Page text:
Melon, Mango, Pineapple, Wild Strawberry
- Origin El Salvador
- Region Apaneca-Ilamatepec
- Farm Finca El Salvador
- Producer Rodolfo Ruffatti Batlle
- Variety Red Bourbon
- Processing Honey Kombucha
- Elevation 1650 masl
Finca El Salvador is a 5th generation family farm at the top of Cerro El Aguila, on the north face of the Apaneca-Ilamatepec mountain range. The Bourbon coffee plants are planted around 1650 masl where it’s warm enough to sustain this species. Rodolfo took over from his father a couple of years ago and has focused a lot on bringing in new, exotic varieties like Rume Sudan, SL-28, Tabi and Pink Bourbon.
Rodolfo also spent time on experimental processing with longer cherry or parchment fermentations (anaerobics). One unique experiment Rodolfo has been running for the last 2 year is his Kombucha Honey. The idea was to accentuate the natural acidity & fruitiness of the coffee by fermenting the previously depulped cherries in a tank full of Kombucha with a giant SCOBY floating on top.
In case you are new to this, SCOBY stands for Symbiotic Culture Of Bacteria and Yeast. It’s the weird blob you see floating on top of homemade Kombucha; a living culture made of yeast and bacteria. The yeast eat the sugars and create alcohol. Then the alcohol is eaten by bacteria and turned into acetic acid. So the yeast and bacteria work together in a symbiotic relationship to create a more complex end result with a modified acidity. Coffee cherries with a medium acidity and mellow fruitiness can hence develop more extreme flavors.
Experimenting with fermentation can be tricky though. Poor or uncontrolled fermentation can lead to moldy or phenolic flavors. Lately we have seen a lot of experiments around ‘added yeast coffees’. It’s an open question to what extent non acidic resistant commercial yeast have a chance of surviving in fermenting acidic environments. Do the yeast survive or are they outcompeted by local more robust fermenters? Are the yeast even doing anything good to the coffee? The added-yeast coffees we cupped in the last years had mixed results.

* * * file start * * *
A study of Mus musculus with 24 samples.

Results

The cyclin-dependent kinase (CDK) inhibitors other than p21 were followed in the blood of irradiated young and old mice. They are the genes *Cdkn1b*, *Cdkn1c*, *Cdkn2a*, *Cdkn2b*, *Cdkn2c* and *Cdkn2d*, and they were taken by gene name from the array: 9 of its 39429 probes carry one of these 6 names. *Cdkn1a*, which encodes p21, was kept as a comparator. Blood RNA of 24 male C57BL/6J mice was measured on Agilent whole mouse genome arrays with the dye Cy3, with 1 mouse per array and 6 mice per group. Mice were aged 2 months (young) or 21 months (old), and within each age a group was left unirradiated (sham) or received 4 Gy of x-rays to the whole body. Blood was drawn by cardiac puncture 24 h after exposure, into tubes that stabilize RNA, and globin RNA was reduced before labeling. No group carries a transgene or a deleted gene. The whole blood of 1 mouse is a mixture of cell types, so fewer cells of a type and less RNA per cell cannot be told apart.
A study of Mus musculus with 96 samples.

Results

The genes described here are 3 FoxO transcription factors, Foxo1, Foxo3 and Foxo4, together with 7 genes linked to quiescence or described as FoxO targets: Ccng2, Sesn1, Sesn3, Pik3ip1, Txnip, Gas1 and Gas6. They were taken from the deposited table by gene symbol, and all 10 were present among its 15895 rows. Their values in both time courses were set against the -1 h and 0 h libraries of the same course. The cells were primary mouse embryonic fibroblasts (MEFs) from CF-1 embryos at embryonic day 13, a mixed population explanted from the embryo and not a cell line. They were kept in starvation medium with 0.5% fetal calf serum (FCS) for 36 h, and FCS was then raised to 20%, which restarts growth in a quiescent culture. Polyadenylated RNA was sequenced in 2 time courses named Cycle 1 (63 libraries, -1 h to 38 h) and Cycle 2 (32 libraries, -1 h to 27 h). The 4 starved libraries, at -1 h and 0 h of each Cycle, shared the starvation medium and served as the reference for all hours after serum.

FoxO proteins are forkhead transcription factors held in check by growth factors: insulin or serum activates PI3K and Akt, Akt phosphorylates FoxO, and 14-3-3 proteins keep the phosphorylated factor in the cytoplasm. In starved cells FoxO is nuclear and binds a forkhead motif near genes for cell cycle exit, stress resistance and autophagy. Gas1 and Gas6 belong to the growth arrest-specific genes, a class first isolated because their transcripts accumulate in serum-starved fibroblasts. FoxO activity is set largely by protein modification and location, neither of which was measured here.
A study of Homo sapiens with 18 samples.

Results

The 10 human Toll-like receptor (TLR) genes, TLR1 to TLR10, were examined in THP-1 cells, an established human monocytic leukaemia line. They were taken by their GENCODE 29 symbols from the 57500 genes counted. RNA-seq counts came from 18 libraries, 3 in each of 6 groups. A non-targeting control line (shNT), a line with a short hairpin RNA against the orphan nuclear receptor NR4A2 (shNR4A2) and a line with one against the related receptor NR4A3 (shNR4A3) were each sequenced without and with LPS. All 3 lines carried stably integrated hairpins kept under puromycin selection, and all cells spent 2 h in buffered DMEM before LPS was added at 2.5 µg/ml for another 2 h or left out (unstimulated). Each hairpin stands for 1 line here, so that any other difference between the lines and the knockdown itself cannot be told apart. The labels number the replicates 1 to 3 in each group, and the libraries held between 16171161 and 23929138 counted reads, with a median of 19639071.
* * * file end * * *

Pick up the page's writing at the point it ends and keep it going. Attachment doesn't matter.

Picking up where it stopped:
Rodolfo decided on Kombucha fermentation as these quite robust communities of microorganisms would have a higher chance of thriving in a coffee-acidic environment. Kombucha has Saccharomyces cerevisiae (an important yeast for brewing/winemaking) and brings bacteria that will add to the complexity of the yeast’s work. Kombucha needs sugar and tannins to live and coffee cherries provide both. The cherries were depulped before they were added to the tank. The idea being that the microorganisms would consume the mucilage and expose the beans to whatever is happening in the ferment. The beans stayed in the tank for a week. After which they were washed and dried.
So on paper this elaborate process had the potential to add a lot of interesting flavors … and that is definitely what we have found in this cup! Having worked with Rodolfo’s standard honey Red Bourbon, we can say that this processing added a lot more tropical fruit notes. We are tasting a lot of melon & mango and even some pineapple. The acidity has become quite tartaric-like (sparkly!). Try it out!